Transplant Twins Take on Bridge Run

Pukekohe’s Keith Eades will be lining up at the ASB Auckland Marathon on 29 October to race for a cause. But unlike many others who may be racing for themselves, Keith is proving that this obstacle is just one of many that he’s ready to overcome.

Keith was born with Holt Oram syndrome, which causes a defect in the arms and the heart.

What will be making this marathon more special is the fact that he will be doing it with his transplant twin Diane Plimmer.

Diane received lungs from a donor, while Keith got the heart.

“It has given me a new zest for life. I don’t want to just bob along. I can give it a go. Life is about that.”

At the age of 22, Keith was told he needed a pacemaker, because of Holt Oram syndrome.

A lover of squash, Keith says as soon as he was out of hospital, he was back at work and playing squash.

“You can sit back and feel sorry for yourself, or get up and do something.”

Having a support person is something Keith strongly emphasises.

His wife of 22 years, Caroline, has been a vital support throughout his health journey.

In 2014, Keith began having breathing problems and was taken to Middlemore Hospital.

“They told me I needed a heart transplant. It completely wiped me.”

“I didn’t expect it, but I decided to fight it. I wasn’t ready to give up on life.”

He exercised, walking up and down the ward all night long. “I was focused on moving forward. Things slowly improved. They decided I was too well to have a transplant, so life continued.”

But then in May 2016, the breathing issues were back. “I had more tests, then they gave me an iron infusion, which my body severely reacted to.”

After a near-death experience because of the reaction, a determined Keith asked, “Can I still go home tonight?”

However, after that near-death experience, Keith had lost much of his confidence and energy. It was decided by doctors that a heart transplant would be necessary.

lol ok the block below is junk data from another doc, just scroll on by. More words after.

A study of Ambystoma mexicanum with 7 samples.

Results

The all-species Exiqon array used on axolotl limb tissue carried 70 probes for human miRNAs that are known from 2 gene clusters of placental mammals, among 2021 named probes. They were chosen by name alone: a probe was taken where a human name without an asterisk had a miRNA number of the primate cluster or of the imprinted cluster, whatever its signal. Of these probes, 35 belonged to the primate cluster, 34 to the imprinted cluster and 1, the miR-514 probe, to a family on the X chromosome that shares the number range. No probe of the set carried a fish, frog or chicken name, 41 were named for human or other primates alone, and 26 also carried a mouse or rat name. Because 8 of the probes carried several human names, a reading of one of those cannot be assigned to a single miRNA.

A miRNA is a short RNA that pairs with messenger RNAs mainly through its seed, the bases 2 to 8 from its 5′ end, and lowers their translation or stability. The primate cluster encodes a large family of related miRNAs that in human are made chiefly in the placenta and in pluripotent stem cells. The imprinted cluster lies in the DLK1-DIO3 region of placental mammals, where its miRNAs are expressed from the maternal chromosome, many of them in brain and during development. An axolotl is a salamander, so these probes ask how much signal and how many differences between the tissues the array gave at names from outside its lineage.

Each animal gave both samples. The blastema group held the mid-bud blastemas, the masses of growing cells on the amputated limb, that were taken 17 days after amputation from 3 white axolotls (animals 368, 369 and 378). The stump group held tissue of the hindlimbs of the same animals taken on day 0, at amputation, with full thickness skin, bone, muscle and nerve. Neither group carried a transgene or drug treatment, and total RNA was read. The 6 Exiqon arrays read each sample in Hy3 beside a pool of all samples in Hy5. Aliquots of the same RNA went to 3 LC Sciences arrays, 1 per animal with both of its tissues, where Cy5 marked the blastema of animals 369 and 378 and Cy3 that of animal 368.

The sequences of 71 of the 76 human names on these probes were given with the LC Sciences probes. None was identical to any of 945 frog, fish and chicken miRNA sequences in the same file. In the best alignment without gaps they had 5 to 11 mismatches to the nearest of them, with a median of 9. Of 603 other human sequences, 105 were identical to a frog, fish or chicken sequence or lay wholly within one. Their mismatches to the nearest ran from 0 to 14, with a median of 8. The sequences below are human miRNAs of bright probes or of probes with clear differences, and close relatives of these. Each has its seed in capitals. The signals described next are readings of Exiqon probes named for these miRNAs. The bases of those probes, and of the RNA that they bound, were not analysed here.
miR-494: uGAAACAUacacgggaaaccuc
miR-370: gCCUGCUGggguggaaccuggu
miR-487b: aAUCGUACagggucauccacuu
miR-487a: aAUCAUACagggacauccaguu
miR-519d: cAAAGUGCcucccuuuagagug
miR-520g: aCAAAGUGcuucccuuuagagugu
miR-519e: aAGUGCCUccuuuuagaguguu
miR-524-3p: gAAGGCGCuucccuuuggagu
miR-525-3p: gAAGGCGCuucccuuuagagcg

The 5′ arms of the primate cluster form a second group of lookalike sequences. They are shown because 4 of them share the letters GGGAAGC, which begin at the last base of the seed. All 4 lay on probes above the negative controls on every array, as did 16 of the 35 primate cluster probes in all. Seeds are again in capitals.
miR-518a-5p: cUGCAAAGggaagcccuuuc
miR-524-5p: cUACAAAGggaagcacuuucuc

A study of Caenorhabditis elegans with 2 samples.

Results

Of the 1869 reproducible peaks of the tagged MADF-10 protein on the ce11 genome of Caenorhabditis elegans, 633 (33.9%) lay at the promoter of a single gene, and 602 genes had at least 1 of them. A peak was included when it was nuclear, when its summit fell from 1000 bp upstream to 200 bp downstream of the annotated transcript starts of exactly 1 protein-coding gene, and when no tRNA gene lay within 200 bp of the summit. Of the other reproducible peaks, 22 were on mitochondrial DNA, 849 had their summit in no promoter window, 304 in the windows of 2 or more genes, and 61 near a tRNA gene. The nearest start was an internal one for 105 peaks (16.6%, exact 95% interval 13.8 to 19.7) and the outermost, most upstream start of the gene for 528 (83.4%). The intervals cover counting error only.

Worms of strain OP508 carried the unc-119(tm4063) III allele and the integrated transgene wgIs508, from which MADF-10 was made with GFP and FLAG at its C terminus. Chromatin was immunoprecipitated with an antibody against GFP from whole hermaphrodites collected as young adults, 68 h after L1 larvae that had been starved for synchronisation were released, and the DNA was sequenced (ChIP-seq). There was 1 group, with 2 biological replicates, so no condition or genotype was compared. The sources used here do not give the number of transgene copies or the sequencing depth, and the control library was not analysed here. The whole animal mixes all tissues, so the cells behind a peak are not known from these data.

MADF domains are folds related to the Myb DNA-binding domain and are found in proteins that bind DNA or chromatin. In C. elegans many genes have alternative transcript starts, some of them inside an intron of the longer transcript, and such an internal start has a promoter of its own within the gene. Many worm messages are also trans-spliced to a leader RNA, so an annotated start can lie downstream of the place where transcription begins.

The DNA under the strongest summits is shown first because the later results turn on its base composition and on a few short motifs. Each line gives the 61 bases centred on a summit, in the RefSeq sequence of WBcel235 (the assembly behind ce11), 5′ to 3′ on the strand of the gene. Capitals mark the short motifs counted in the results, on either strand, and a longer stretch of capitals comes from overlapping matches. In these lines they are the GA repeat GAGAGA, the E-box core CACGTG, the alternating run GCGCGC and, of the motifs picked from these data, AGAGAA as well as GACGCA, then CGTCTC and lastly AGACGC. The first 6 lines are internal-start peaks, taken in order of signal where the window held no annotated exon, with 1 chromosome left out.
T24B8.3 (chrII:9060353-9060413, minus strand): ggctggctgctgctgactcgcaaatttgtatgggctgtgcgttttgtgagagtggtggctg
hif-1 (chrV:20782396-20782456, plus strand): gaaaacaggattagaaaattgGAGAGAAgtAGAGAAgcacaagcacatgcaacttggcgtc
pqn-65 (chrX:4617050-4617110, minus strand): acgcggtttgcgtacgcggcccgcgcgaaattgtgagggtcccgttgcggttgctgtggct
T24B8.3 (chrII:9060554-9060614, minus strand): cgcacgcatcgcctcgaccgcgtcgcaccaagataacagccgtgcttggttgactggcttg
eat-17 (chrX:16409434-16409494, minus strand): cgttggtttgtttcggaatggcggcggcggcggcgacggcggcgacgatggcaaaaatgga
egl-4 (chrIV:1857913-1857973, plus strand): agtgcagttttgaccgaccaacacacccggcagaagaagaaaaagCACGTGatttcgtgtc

Keith and Caroline were both required to attend clinics for four days, visiting professionals from psychologists to physios to assess them for the challenges that would lie ahead.

“After we passed, we were put on the active waiting list. It means you sit by the phone 24/7 as an organ could come in at any time.”

Five days after being put on the list, there was the potential that a heart could be ready.

“I was shell-shocked,” Keith said. “I wasn’t prepared. You expect it to take months before a suitable organ could be ready.”

The heart, however, wasn’t suitable, which was somewhat a relief for Keith, but not so much for his family.

It wasn’t long though until another heart was available in July 2016. “This time I was mentally prepared.”

While he was in the ward recovering, he met his transplant twin, Diane who received the lungs. They were both transferred to Hearty Towers in Greenlane, a facility that helps the rehabilitation of transplant patients.

Diane was the one who inspired Keith to get up.

“She was up walking, and I thought if she can do it, so can I.”

Now part of Franklin Toastmasters, Keith hopes to be able to share his story, and the importance of organ donation. “Organ donations save lives.”

One organ donation can save eight people’s lives and affect 56 people.

Keith hopes to write a book one day. “The potential is there,” he said, “but for now it’s a pipe dream.”

Next on his list, after the marathon, Keith said “I’d like to have a game of squash, and do a skydive from 20,000 feet.”

“I don’t know what the future holds, I’m just staying open to life.”